RBI likely to retain accommodative stance
Even as the first monetary policy committee (MPC) meeting of the current fiscal, which kickstarted on April 5, is set to conclude on April 7, experts are of the view that RBI will maintain its accommodative stance when it reveals the bimonthly review of the key policy rates on Wednesday. To be precise, expectations are ripe for another round of status quo.
Mumbai: Even as the first monetary policy committee (MPC) meeting of the current fiscal, which kickstarted on April 5, is set to conclude on April 7, experts are of the view that RBI will maintain its accommodative stance when it reveals the bimonthly review of the key policy rates on Wednesday. To be precise, expectations are ripe for another round of status quo.
While the economy was rising from ashes, the recovery has been pre-maturely precluded by a stronger second wave, resulting in coming back of lockdown restrictions and a consequent dampening of economic activity. One thing is certain, the street talks of rate hikes in H2FY22 will take a backseat and focus will shift back towards monetary support with limited expectations on any further fiscal surprise. Growth-inflation see-saw will need a fine balance for yet another year.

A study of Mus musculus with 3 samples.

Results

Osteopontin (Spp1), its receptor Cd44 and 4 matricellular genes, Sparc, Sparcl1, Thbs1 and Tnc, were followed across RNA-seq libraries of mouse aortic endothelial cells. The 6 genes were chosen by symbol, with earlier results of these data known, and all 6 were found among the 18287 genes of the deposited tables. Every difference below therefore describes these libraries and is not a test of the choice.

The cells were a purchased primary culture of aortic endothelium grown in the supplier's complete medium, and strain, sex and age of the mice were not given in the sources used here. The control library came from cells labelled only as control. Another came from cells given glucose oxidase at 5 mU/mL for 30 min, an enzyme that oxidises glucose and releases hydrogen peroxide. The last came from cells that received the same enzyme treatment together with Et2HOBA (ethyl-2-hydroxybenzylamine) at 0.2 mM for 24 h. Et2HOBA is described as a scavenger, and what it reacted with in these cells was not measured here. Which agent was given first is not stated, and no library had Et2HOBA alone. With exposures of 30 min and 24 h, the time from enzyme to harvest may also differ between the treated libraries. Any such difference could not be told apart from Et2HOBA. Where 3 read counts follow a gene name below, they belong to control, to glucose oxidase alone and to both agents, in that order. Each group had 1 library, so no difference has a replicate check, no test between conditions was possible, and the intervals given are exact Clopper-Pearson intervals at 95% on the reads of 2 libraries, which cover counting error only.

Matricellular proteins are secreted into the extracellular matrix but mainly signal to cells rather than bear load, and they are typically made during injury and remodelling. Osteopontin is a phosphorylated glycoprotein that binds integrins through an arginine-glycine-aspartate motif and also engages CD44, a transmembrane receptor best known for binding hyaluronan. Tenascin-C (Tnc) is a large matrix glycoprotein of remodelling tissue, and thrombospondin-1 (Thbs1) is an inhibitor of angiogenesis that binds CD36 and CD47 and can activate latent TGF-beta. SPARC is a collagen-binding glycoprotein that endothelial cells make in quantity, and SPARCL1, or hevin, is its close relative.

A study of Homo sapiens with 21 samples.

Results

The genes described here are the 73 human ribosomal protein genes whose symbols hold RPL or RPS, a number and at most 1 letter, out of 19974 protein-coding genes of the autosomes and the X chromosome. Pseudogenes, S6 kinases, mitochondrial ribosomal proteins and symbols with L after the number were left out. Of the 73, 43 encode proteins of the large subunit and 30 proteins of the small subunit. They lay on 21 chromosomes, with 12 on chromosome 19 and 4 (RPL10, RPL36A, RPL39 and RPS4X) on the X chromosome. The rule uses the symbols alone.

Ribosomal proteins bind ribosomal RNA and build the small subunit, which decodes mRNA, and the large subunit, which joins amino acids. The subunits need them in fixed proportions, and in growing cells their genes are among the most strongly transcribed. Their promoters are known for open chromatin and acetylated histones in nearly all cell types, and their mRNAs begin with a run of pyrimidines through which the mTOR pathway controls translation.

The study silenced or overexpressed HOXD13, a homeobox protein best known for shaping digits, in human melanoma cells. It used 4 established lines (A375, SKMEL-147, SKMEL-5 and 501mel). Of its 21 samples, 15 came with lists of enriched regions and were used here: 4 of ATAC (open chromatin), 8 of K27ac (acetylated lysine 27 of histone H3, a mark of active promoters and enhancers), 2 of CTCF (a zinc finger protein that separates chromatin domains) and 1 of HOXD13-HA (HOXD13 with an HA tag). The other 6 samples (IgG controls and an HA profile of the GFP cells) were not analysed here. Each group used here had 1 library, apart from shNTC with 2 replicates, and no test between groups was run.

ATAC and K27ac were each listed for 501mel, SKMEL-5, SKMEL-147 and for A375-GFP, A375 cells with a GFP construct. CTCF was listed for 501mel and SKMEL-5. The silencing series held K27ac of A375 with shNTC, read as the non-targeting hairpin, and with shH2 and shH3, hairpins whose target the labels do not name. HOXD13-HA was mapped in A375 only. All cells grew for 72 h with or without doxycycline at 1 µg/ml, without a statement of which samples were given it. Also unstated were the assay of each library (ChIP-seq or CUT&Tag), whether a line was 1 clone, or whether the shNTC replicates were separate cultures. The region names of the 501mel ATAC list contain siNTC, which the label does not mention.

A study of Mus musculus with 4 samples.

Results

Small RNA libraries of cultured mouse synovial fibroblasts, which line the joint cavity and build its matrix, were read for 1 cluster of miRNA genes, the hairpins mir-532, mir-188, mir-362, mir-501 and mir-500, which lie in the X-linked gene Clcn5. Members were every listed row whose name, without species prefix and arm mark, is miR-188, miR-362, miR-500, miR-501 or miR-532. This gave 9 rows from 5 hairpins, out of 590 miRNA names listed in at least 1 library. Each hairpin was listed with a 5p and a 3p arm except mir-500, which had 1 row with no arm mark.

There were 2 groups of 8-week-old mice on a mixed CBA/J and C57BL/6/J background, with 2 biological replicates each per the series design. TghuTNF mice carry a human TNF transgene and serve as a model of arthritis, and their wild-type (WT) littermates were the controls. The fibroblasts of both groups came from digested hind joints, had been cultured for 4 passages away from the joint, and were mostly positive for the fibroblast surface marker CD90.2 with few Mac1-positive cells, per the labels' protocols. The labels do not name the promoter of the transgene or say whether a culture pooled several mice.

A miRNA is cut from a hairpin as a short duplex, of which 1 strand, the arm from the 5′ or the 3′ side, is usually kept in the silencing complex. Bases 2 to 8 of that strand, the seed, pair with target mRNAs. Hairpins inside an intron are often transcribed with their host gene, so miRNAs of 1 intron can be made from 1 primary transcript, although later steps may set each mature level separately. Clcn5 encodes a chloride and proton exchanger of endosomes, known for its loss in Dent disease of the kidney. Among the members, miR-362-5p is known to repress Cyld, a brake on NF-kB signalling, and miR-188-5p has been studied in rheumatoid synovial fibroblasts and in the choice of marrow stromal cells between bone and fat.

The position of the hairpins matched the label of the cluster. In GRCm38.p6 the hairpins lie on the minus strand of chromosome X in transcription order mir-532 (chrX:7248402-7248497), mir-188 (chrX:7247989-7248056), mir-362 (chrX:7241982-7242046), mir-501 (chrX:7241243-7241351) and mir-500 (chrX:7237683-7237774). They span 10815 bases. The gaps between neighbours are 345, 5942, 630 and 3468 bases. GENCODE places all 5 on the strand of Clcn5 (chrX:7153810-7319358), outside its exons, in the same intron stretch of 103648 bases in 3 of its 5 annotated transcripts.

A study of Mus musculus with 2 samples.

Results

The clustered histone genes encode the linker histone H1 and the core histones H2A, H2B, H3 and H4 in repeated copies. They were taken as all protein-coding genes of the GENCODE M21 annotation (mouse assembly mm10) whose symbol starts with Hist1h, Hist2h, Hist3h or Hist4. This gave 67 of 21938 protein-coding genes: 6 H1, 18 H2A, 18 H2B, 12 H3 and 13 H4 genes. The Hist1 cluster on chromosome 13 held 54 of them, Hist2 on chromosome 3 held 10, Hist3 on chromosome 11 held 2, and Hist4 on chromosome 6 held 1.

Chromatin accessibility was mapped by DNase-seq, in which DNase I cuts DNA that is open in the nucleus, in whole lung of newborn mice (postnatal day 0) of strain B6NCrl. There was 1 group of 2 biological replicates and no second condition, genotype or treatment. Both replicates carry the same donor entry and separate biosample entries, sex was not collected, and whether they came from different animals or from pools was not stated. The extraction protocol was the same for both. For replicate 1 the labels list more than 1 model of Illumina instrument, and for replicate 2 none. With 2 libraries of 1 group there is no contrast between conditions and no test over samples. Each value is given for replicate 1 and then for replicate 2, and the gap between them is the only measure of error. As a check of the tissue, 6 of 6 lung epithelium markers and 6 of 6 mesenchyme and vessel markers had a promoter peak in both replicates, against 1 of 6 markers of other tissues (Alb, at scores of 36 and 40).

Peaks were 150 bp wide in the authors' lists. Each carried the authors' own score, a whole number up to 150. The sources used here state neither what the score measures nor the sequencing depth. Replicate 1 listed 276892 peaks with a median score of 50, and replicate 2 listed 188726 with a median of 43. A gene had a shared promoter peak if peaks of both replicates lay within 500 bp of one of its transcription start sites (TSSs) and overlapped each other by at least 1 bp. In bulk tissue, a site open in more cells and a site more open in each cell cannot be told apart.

Banking system liquidity stands at upwards of Rs 5 trillion and is likely to be maintained at the current levels for longer, though RBI could continue to evolve the durations. Overall, a status quo policy lies ahead, outlining the persisting weaknesses in the economy, with a continued promise to stay accommodative for as long as is needed, says a study by Edelweiss Wealth Research. On the growth front, CSO estimates full year GDP to be -8 per cent in FY21. RBI's February projections built in a growth of conservative 10.5 per cent in FY22. Any deviations from these must be closely watched at.
Maharashtra contributes 14 per cent to India's GDP and is likely to be working at under 70 per cent capacity in April. Domestic mobility is ticking downwards and most high frequency data is still contracting. Thus, adjusted for base effects, the momentum in the economy is fading with sequential weaknesses at the forefront. On the other hand, supply shocks will reinforce price rise but base beyond April 2021 stands favorably.
Globally, commodity prices have eased from highs and backwardation was rather short lived. As per the February outcome, inflation is expected at 5-5.2 per cent in H1, 4.3 per cent in Q3, and we expect a downward bias in inflation targets. The term premium at 215 bps still remains high and RBI will continue to use OMOs and OTs to assist transmission. The H1 fiscal borrowing calendar was largely in line of expectations but excess supply will need the Central bank support. Of the 115 bps fall in repo rate since Feb-20, fresh rupee lending rates have fallen by 107 bps whereas outstanding loan rates have fallen by 82bps. India would need lending rates to be sustainably low, with credit offtake still subdued. RBI will need to continue being accommodative and maybe top up with additional cut if needed to ensure the lubrication of the economic machinery, the report adds. According to Ankita Pathak and Sahil Kapoor of Edelweiss Wealth Research, fiscal and monetary coordination is needed for longer.